The Featured Creatures collection provides in-depth profiles of insects, nematodes, arachnids and other organisms relevant to Florida. These profiles are intended for the use of interested laypersons with some knowledge of biology as well as academic audiences.
In September of 1993, a single specimen of an exotic tortoise beetle was collected on a species of Ipomoea (Convolvulaceae) in a weedy lot in Davie, Broward County. Further collecting turned up additional specimens at the original site and at other localities in Broward County. The beetle was identified as Chelymorpha cribraria (Fabricius), a widely distributed Neotropical species known to feed on sweet potato (Ipomoea batatas (L.) Lam.) and other morning glories. Subsequent surveys and collecting have revealed populations of C. cribraria at other localities in Dade and Monroe counties.
This species is distributed throughout South America and the Antilles. Buzzi (1988) recorded C. cribraria from Brazil, Cayenne, Colombia, Guadeloupe, and Paraguay. There are specimens in the Florida State Collection of Arthropods from Antigua, Argentina, Dominican Republic, and Panama. In Florida, it has been collected in the following localities: Broward Co.: Davie, Hallandale; Dade Co.: Camp Mahachee, Cape Florida State Park, Matheson Hammock, Virginia Key; Monroe Co.: Key Largo State Botanical Site.
The genus Chelymorpha Boheman contains more than 100 species, which are mostly Neotropical in distribution. Two species have been recorded (Blatchley 1924) previously from Florida: C. cassidea (Fabricius) and C. geniculata Boheman. The endemic Florida C. geniculata has had a checkered taxonomic history. It is often considered either a synonym or subspecies of C. cassidea (Balbaugh and Hays 1972). Both are uniformly tan to red-brown in color with 12 to 14 black spots on the elytra and four to six on the pronotum. Chelymorpha cribraria is extremely polymorphic in color (Vasconcellos-Neto 1988), and most of the color forms have been described as separate species. Only two color forms have been found in Florida so far. The most common color form in Florida is bicolored, with pronotum black and elytra brick-red or tan. Much less common is the color form having a tan ground color with metallic reflections, numerous black speckles, and longitudinal red stripes on the elytra.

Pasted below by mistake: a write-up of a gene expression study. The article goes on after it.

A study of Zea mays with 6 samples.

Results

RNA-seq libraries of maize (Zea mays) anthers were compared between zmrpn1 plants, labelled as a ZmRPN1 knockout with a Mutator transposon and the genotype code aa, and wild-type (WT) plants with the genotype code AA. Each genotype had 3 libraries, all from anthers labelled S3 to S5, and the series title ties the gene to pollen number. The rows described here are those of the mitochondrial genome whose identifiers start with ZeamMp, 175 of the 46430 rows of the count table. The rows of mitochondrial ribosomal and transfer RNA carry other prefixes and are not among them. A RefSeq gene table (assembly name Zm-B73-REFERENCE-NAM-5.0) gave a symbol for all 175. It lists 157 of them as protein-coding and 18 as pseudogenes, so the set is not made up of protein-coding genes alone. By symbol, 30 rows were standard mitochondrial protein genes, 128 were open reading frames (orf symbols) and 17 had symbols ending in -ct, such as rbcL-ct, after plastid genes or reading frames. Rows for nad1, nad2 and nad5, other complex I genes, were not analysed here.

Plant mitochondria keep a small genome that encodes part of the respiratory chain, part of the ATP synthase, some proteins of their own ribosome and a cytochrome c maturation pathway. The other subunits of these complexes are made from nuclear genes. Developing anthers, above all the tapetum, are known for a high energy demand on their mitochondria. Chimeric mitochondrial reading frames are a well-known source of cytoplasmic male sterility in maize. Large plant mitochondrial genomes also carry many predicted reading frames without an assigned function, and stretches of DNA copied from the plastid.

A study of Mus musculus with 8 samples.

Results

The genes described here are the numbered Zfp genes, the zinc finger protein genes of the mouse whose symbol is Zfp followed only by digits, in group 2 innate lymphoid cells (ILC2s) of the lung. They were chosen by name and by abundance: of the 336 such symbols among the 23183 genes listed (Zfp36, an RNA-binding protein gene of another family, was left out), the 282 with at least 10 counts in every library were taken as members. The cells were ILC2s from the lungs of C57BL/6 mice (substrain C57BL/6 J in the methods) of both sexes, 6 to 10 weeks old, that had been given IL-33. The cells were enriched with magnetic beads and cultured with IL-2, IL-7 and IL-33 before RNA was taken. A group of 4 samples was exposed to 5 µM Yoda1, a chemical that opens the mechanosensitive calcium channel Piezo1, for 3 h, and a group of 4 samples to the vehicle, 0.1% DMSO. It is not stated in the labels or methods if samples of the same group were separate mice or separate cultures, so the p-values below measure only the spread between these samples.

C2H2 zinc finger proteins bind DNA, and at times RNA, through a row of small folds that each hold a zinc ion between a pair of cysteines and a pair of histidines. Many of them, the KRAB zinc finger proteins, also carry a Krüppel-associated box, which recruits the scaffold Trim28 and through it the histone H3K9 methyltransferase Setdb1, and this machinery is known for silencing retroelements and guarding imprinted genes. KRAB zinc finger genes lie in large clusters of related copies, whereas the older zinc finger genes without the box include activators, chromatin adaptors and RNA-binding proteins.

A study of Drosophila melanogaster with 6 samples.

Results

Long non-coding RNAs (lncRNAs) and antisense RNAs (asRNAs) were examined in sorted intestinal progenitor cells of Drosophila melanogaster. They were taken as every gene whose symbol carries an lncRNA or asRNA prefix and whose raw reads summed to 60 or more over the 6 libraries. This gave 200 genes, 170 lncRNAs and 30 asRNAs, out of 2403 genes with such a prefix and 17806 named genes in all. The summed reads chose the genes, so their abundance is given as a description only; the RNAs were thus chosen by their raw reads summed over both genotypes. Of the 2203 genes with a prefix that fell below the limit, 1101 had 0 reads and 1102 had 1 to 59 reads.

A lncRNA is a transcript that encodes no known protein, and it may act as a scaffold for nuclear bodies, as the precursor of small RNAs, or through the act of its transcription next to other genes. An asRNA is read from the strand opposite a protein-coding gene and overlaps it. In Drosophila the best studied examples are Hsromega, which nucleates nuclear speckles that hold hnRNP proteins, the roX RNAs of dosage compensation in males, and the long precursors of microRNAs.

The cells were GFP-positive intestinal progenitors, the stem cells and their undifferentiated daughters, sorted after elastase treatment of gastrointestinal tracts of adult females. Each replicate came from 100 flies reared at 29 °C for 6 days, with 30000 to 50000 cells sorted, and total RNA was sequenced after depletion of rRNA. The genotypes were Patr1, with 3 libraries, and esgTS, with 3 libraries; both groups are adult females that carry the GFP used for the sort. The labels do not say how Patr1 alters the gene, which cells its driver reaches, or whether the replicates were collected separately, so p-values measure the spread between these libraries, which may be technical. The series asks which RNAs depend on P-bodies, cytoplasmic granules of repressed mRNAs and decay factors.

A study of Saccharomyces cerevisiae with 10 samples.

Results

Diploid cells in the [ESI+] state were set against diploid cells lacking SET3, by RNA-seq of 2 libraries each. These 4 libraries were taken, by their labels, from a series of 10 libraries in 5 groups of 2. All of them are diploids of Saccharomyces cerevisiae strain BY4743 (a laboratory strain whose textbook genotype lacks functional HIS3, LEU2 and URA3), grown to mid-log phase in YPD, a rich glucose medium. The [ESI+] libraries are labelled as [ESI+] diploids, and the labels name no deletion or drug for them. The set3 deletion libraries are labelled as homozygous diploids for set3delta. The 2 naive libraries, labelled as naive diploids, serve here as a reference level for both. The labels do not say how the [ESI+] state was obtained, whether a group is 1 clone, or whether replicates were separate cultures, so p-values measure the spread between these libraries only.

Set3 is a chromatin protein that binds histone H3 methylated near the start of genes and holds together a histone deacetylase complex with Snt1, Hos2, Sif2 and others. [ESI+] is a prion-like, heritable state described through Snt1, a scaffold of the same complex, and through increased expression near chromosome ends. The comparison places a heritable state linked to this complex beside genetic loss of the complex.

Vasconcellos-Neto (1988) presented a model consisting of six tightly-linked genes responsible for color in C. cribraria. He found eight color forms produced from 21 genotypes, and hypothesized that the stable polymorphism in C. cribraria is maintained "... by selection through visually oriented predators." Adult C. cribraria are unpalatable to some predators. In Brazil, C. cribraria appears to belong to at least six different mimicry groups with two to four beetle species in each group.
Buzzi (1988) reviewed the biology of Neotropical cassidines and gave the following composite account of several species of Brazilian Chelymorpha, including C. cribraria: Eggs are glued to leaves of the host plant in clusters; they hatch in six to eight days. There are five larval instars and time spent in the larval stage ranges from 13 to 18 days. Larvae possess a fecal fork and carry their feces over their body. This camouflage is thought to provide protection from predators and parasitoids. Pupation, which takes place on the host plant and under the fecal shield, lasts eight to 10 days. Females live an average of six months and lay about 1,500 eggs.
Chelymorpha cribraria has been recorded in the Neotropics from several species of Ipomoea, such as I. cairica (L.) Sweet. Per., I. cardiophylla Gray, and I. batatas (sweet potato). In Florida, it has been collected on various morning glories, but the only two that have been identified to species are I. indica (Burm. f.) Merr. and I. pes-capre (L.) R. Br., railroad vine. The two morning glories on Florida's list of endangered plants, Ipomoea microdactyla Griseb. and I. tensuissima Choisy (Coile 1994), occur in the areas where C. cribraria is established.
I thank E.G. Riley, Texas A&M University, for his help in identifying C. cribraria; Deborah L. Matthews and John Watts, University of Florida, for bringing the first specimen to my attention; Bonnie Coy, FDACS, for additional surveys; Roy Morris, Lakeland, for the specimen from Key Largo; and Jim Duquesnel, Florida Department of Environmental Protection, for finding the population of C. cribraria at Cape Florida.
Balsbaugh, E.U., Jr. and K.L. Hays. 1972. The leaf beetles of Alabama (Coleoptera: Chrysomelidae). Auburn University, Agricultural Experiment Station Bulletin 441. 223 p.
Blatchley, W.S. 1924. The Chrysomelidae of Florida. The Florida Entomologist 7: 33–39; 7: 49–57; 8: 1–7; 8: 17–23; 8: 39–46.
Buzzi, Z.J. 1988. Biology of Neotropical Cassidinae. pp. 559–580. In P. Jolivet, E. Petipierre, and T.H. Hsiao (eds.). Biology of Chrysomelidae. Kluwer Academic Publishers, Dordrecht.
Coile, N.C. 1994. Florida's endangered and threatened plants. Florida Department of Agriculture and Consumer Services, Bureau of Entomology, Nematology and Plant Pathology - Botany Contribution No. 29. 56 unnumbered p.
Vasconcellos-Neto, J. 1988. Genetics of Chelymorpha cribraria, Cassidinae: colour patterns and their ecological meanings. pp. 217–232. In P. Jolivet, E. Petitpierre, and T.H. Hsiao (eds.). Biology of Chrysomelidae. Kluwer Academic Publishers, Dordrecht.